Almine Rech Shanghai is pleased to present Kawaii, a group exhibition on view from May 21 to June 19, 2021.
Kawaii (Japanese: かわいいor 可愛い) is the culture of cuteness which has become a symbol of contemporary Japan nation-wide and abroad. The concept stems from the 1970s when young girls started writing, doodling, and creating exaggeratedly cute outfits in order to confront the traditional roles imposed on them. Often translated as 'cute' or 'super-cute', the real meaning of Kawaii varies across generations and social groups, signifying the intuitive emotions one experiences induced by cognitive appraisal. Such consequential implication has transformed this adjective into a noun, which then describes an entire subculture present worldwide. Referring to items, humans, and non-humans that evoke sympathy, are lovely, adorable, shy, and/or childlike, Kawaii's impact can nowadays be seen in entertainment, clothing, food, toys, personal appearance, mannerisms, as well as fashion and visual art.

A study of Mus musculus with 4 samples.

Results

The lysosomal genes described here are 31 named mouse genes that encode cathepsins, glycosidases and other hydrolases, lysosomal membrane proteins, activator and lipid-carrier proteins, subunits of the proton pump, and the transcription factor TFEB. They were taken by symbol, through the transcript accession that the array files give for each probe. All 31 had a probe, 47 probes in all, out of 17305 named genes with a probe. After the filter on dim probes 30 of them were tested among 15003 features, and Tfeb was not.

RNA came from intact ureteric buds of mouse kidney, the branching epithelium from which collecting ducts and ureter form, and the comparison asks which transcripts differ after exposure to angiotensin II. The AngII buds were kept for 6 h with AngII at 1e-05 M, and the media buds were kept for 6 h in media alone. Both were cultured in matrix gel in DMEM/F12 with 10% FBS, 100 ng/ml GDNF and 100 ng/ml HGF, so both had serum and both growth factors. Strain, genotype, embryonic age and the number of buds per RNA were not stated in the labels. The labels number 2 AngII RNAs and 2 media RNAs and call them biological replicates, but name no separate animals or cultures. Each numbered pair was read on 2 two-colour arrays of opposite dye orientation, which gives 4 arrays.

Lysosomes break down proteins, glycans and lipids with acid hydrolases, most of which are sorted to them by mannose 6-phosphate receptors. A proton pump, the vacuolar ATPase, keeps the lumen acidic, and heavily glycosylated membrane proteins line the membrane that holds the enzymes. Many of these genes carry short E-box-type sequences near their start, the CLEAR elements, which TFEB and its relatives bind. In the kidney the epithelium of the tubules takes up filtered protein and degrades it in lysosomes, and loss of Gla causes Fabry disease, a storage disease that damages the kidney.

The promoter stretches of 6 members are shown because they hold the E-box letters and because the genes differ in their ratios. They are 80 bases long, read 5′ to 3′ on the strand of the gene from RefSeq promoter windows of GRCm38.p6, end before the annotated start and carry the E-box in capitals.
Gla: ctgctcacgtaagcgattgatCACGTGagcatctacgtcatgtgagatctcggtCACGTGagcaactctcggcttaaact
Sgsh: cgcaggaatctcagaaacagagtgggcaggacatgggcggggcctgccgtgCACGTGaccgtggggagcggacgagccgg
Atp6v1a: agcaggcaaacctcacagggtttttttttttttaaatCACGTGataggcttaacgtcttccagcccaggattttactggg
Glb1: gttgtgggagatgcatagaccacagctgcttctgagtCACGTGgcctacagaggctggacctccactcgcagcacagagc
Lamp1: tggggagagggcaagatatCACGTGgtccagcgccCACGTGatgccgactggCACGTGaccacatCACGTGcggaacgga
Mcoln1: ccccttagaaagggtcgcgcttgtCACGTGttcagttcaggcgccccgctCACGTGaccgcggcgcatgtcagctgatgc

The visual art, _Kawaii_, features characters with Western pop culture, the sculptures, paintings, and drawings praised by art critics gained the artist a cult following around globally, both in the world of art collectors and other artists. With this exhibition, Almine Rech Shanghai aims to acknowledge this movement. By presenting the works by three artists from different backgrounds or parts of the world, Sun Yitian, Szabolcs Bozó, and Edgar Plans, the gallery is hoping to provide an insight into present-day redefinition of _Kawaii_ globally.
Text by Sasha Bogojev, Writer and Curator. Courtesy Almine Rech.